POTD 2018/037. Caesar's Sphinx
By J.W. Remington Photographics



According to the myth, she dwelt outside the city of Thebes, and asked a riddle to all travellers, in order to let them pass. The riddle she asked is a famous one; which is the creature that has one voice, but has four feet in the morning, two feet in the afternoon, and three feet at night? Anyone who struggled to answer was eaten by the monster. However, Oedipus managed to answer correctly; he replied "the man", who crawls on all fours as a baby, walks on two as an adult, and needs a walking cane when old.



It seems that there was a second riddle following the first; "there are two sisters; one gives birth the the other, who in turn gives birth to the first. Who are they?" The correct answer is "day and night", two words that are both feminine in the Greek language. After Oedipus correctly answered both questions, the Sphinx killed herself, either by throwing herself off the rock on which she rested, or by devouring herself. This seems to be the literary way in which the ancient Greeks transitioned from the old religious practices, represented by the Sphinx, to the new ones and the establishment of the Olympian deities, represented by Oedipus.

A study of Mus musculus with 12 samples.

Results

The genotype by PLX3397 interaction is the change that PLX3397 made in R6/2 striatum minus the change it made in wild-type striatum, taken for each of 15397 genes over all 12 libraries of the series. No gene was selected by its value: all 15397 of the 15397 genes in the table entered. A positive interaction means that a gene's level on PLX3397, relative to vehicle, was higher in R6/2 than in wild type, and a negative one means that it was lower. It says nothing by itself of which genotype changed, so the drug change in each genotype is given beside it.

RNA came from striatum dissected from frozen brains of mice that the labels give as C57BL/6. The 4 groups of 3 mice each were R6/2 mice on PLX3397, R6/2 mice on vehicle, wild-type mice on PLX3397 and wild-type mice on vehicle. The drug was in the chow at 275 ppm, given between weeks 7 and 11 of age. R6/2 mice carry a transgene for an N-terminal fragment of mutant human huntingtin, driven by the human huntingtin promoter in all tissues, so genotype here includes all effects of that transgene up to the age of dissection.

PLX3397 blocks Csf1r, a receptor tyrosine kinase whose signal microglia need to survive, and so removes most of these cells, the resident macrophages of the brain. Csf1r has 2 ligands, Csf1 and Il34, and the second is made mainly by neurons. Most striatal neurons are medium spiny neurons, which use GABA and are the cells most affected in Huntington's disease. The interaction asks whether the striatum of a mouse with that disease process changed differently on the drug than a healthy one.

Sphinxes were very popular in ancient art. They were employed as sculptur upon the tombs of men who died in youth. In archaic vase paintings they often appear amongst a procession of animals and fabulous creatures such as lions and bird-bodied sirens.



This modern rendition appears on the grounds of Caesars Palace in Las Vegas, Nevada.



0.6, 1/4, 1 sec at f/2.5, ISO 100
Canon EOS 5D Mark III with Canon EF 50mm f/1.4 USM lens at 50mm



I hope you enjoy today's J.W. Remington Photographics' Photo of the Day for February 6, 2018!